Postby lejmomof2 » Thu Mar 10, 2011 2:58 am

Since my daughter has been 12 months old I have noticed autistic behavior (repetitive motions, repetitive language/phrases, limited eye contact, etc.). Since the birth of her younger brother these behaviors have intensified, with the addition of her strong aversion to specific noises (crowd applause, certain noises from toys,her brother's voice). She is extremely bright (can count to 30, knows all of her ABC's, knows all of her colors in english and spanish, etc.). I am struggling with how to cope with day to day life because I am uncertain how to handle her intense tantrums and the struggles of small things like brushing her teeth. I feel the need for a confirmation/diagnosis so that we as a family can take steps towards working together to help our daughter.

We have an appointment for an autistic evaluation next month. I would appreciate any advice. From researching her behavior, I think she is showing aspergers or high functioning autism symptoms.

I have read aspergers and/or high functioning autism is hard to diagnose in preschool age children. Has anyone had a similar situation and what was the outcome of the evaluation?

I don't want my daughter to have the challenge of autism, but I also don't want the professionals to miss/overlook some
of these signs because they are not extremely obvious. I think I am just being a concerned parent.

I would greatly appreciate any feedback/comments from people with knowledge/experience in this area. Thank you so much in advance for your responses.

Postby waltdangerfield » Sat Mar 19, 2011 2:41 pm

Hi, we are going through a very similar situation with our 3 year old Son. We've known for a long time that he isn't like other children, both in terms of his interactions and in how he responds to certain situations. We had a meeting with his nursery school teachers recently as they too had witnessed some behaviour patterns that were concerning them. These were mainly to do with his interactions with other children as well as his negotiation of the physical space. We've come to the conclusion that he is on the autistic spectrum with AS offering the best description of his behaviour. He has particular issues with social imaginative play as well as sensory issues linked to bright light and sound as well as a tendency to explore the world through touch; he likes to rub objects on his face. In addition to this he flaps his arms and rocks up and down on his toes when he's excited or anxious about something. I could go on, but you get the picture.

We are very early on in this process and it's going to be a while before we can put a label on what exactly it is that makes him different from other children. My wife and I would be very surprised if he isn't ultimately diagnosed as being on the autistic spectrum. His symptoms are very mild and it's only because my wife is an early years education specialist with special educational needs experience that we've even been able to identify this ourselves. It's our observation coupled with the observations of his teacher that has led us to where we are. It is certainly not obvious and could easily get overlooked as a lot of it is just down to being 3 years old, but he has so many of the symptoms that it's clear there is something more going on.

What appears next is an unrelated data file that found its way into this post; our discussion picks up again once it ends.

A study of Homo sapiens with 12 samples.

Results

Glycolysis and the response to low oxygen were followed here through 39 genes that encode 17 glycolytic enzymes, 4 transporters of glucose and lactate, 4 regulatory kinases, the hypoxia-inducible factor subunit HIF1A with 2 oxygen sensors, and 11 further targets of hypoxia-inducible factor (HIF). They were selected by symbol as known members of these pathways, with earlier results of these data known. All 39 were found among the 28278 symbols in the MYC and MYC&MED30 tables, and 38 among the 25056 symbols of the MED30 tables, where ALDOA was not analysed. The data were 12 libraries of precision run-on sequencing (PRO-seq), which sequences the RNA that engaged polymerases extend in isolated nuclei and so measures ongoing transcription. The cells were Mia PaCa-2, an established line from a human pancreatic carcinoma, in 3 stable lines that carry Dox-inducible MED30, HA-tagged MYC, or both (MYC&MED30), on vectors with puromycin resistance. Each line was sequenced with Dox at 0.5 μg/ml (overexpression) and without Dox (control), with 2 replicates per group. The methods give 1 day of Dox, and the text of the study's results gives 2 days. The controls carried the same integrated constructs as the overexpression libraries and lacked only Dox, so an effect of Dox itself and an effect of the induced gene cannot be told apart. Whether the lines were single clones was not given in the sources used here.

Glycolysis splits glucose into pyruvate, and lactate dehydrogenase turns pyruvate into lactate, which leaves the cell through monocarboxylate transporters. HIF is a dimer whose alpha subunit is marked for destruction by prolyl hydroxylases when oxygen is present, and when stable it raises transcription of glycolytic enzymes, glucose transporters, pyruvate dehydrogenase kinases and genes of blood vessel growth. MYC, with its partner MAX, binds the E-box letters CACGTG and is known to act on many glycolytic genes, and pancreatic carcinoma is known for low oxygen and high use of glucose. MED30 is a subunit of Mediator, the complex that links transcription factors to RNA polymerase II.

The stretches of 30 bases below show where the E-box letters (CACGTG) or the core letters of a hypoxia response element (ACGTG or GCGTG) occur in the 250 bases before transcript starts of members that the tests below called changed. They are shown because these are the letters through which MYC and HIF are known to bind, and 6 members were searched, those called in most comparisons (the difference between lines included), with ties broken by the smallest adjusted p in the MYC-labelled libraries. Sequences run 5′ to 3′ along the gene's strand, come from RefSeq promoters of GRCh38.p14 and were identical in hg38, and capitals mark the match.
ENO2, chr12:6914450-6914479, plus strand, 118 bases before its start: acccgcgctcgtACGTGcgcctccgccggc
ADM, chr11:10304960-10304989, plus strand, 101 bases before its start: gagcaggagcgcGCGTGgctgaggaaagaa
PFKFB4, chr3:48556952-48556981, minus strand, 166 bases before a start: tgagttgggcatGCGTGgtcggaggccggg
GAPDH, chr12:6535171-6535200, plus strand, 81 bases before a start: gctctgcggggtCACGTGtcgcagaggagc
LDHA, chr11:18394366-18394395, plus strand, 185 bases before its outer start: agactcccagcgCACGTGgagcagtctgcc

In general, he is a bright and articulate little man. He could count to 100 before he was 2, can recognise all numbers to 100 and knows all his letters. He is on the gifted and talented register at school for exceptional numeracy and literacy and is quite popular with his classmates and friends. He does like the company of other children, but he doesn't seem to have the ability to initiate play or how to work out how to join in other children's games. Our concern is that as he grows these symptoms will become more pronounced and as such he will start to find social situations more and more difficult. We are still waiting for an initial formal assessment to take place and we're hopeful that this will happen in the next few weeks. I will let you know how it goes.

In the mean time, the way we deal with his tantrums is to pick our fights carefully. If he needs to get back into bed because his morning routine has been interrupted then we just let him and it means we can then get on with preparing to leave the house. We also model behaviour for him as best we can and have a reward chart system to encourage positive behaviour that we want to work on. In addition to this, we never surprise him with any sudden changes to his routine and always make sure our days and weekend activities are planned and explained to him in advance. We are also aware of the situations that cause anxiety and try to avoid these where possible. What we don't want to do is to pander to him too much as he will manipulate the situation so there are clear boundaries as to what is and isn't acceptable and he accepts this. We, like you, are desperate for our little boy to be a confident and successful communicator and to be able to lead a healthy and happy life. Identifying this early will help in both our cases as it means we can provide as many coping mechanisms and stragegies as we possibly can and it also means that his education will be tailored to take into account his different outlook on the world.

I'm sorry that I can't offer any more practical help, but we are in exactly the same position. I hope you are able to reach a diagnosis soon if it is the case that your little girl has aspergers that you are able to access all the support you need.